This concert is of great significance for having occurred one day after the assassination of Martin Luther King, Jr. Rather than cancel the show, as Boston Mayor Kevin White considered, Brown carried on and ensured its live television broadcast. The intent was to keep the people of Boston glued to their TVs rather than potentially participating in rioting in the streets. Boston was free of violence the night of the concert, reportedly the only major city in the country without major incident. Credit was given to James Brown and his band for delivering one of the most electrifyingly impassioned performances of their career.
The Boston Garden concert was covered in detail in the feature-length documentary The Night James Brown Saved Boston. Considerable time was devoted to it in both the aforementioned recent Brown films. But the concert itself must be seen to be fully felt. This was James Brown at his peak and he and his band deliver a positively torrid performance. Even without the historical import, the chance to see a complete presentation of the entire James Brown Revue in action is worth the price of admission. But the impact of what America was experiencing at that point permeates the entire proceedings. The fact that Boston was calm and quiet while much of the country was experiencing great unrest is even reported mid-show. A lengthy opening speech by Brown has been restored, as well as a speech by Boston City Councilmember Tom Atkins.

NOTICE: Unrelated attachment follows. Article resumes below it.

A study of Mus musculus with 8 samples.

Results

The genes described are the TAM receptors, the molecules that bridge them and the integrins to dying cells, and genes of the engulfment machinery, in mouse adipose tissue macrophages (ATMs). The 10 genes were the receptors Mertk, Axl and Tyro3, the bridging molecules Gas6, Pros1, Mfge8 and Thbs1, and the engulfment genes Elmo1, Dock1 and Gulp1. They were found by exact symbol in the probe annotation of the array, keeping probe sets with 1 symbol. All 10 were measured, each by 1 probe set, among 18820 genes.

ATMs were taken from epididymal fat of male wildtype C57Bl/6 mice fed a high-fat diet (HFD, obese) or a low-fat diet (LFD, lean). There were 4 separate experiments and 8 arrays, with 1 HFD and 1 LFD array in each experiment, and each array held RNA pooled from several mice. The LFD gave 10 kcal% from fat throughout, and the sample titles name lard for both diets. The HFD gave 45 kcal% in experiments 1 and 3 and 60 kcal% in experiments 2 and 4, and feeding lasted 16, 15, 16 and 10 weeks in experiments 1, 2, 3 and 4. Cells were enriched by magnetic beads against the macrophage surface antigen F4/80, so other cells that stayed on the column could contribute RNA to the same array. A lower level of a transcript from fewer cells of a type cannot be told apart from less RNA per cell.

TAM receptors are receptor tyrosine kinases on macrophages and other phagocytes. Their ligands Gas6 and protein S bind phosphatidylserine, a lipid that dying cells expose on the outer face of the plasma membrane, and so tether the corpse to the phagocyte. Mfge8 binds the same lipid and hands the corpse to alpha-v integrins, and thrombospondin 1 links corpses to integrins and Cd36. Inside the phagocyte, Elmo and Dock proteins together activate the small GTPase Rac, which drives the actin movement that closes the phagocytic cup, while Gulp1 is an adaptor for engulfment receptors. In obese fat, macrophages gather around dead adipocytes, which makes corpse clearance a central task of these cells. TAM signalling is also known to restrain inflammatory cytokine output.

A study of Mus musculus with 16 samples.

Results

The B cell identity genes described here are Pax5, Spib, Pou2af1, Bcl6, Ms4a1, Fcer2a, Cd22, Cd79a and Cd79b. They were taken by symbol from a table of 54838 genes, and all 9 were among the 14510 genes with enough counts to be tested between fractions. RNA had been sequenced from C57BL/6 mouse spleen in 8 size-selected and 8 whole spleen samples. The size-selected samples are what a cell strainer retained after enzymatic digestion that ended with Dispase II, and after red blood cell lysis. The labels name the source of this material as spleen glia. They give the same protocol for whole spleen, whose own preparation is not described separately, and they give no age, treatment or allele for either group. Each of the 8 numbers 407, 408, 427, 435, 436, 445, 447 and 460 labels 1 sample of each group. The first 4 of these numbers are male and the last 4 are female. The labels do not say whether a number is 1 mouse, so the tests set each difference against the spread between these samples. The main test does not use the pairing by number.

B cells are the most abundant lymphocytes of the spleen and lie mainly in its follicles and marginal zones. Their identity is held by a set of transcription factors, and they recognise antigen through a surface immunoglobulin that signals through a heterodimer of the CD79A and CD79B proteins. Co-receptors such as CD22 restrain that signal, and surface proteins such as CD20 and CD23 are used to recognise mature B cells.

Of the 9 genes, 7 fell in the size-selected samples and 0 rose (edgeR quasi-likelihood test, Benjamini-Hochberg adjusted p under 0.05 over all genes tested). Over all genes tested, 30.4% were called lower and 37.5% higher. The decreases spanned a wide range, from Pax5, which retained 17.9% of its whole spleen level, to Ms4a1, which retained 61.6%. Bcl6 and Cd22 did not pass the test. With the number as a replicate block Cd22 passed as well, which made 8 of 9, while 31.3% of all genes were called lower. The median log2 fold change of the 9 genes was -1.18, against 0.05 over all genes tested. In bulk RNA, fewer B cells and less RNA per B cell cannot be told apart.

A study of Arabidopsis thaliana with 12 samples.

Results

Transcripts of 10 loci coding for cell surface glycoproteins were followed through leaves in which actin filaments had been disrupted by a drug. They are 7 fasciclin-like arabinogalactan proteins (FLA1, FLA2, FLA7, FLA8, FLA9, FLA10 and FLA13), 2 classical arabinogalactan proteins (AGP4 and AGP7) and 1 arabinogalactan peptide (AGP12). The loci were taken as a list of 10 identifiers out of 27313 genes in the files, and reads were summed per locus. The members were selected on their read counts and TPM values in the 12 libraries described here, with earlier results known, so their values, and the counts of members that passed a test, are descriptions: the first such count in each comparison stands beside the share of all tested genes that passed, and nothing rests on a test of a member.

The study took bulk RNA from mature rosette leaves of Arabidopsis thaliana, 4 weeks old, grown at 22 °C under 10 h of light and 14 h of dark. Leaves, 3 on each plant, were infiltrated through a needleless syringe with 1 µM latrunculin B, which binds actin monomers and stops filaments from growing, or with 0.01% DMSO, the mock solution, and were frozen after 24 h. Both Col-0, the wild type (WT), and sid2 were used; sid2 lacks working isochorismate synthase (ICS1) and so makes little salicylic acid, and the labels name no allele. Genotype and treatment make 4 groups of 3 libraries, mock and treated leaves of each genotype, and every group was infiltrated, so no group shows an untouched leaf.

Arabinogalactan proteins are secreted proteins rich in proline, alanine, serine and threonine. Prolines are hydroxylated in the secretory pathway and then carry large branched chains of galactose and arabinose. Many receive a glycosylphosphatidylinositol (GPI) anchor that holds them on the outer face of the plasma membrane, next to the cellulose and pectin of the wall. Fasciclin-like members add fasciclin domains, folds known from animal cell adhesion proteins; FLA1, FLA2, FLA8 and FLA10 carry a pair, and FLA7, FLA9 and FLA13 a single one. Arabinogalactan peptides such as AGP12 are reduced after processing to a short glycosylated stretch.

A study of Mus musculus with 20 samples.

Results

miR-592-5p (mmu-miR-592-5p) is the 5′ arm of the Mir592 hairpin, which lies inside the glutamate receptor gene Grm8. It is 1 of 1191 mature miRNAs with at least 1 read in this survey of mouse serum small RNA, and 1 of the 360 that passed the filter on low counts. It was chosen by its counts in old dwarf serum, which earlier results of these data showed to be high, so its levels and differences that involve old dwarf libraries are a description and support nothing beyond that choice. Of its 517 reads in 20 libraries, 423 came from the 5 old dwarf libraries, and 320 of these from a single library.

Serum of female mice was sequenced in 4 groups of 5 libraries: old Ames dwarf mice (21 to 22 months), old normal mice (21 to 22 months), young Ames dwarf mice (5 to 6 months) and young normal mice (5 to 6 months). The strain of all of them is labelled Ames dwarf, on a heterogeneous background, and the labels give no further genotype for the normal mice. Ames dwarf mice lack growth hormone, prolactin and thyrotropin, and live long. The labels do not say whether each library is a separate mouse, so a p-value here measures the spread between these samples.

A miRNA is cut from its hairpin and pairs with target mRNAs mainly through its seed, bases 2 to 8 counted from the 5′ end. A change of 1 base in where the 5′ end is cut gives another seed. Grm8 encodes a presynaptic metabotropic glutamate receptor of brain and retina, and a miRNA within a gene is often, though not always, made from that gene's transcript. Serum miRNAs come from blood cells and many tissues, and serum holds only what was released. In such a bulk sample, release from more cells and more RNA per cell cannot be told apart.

As for what has been newly added to the setlist, we now have Brown’s opening, seated performance of “If I Ruled the World.” Most of the remaining added material features Bobby Byrd or Marva Whitney fronting the band, but don’t make the mistake of thinking that it’s inessential. Bobby Byrd, aka “Mr. I Need Help,” aka “Soul Brother Number One-and-a-Half,” was a force to be reckoned with in his own right. Here he tears through “Soul Man,” “I’m in Love,” and “Mustang Sally.” Plus there’s a beautiful, raw soul duet in which Byrd is joined by Brown. Marva Whitney was, quite simply, one of the greatest voices in R&B, soul, and funk music history. Her 1969 album It’s My Thing, produced by James Brown, is one of the essential funk music records. Hearing her belt out a four-song set here, concluding with her smoking take on “I Heard it Through the Grapevine,” is pure magnificence.
The bulk of James Brown’s set has been available before, but now is placed in proper context with the opening speeches and his other featured performers. By the time he explodes with “Get it Together,” featuring blistering tenor sax work by Maceo Parker and some too-funky-for-words baritone licks by St. Clair Pinckney, the concert has reached fever pitch. Brown keeps it there, even when violence threatens to break out onstage, for the remainder of the show.
This black-and-white video was taped with now-antiquated broadcast equipment, meaning that it looks and sounds primitive by today’s standards. That said, it’s entirely watchable and listenable. With such relatively little vintage James Brown concert material readily available, the newly extended edition of Live at the Boston Garden - April 5, 1968 is unmissable.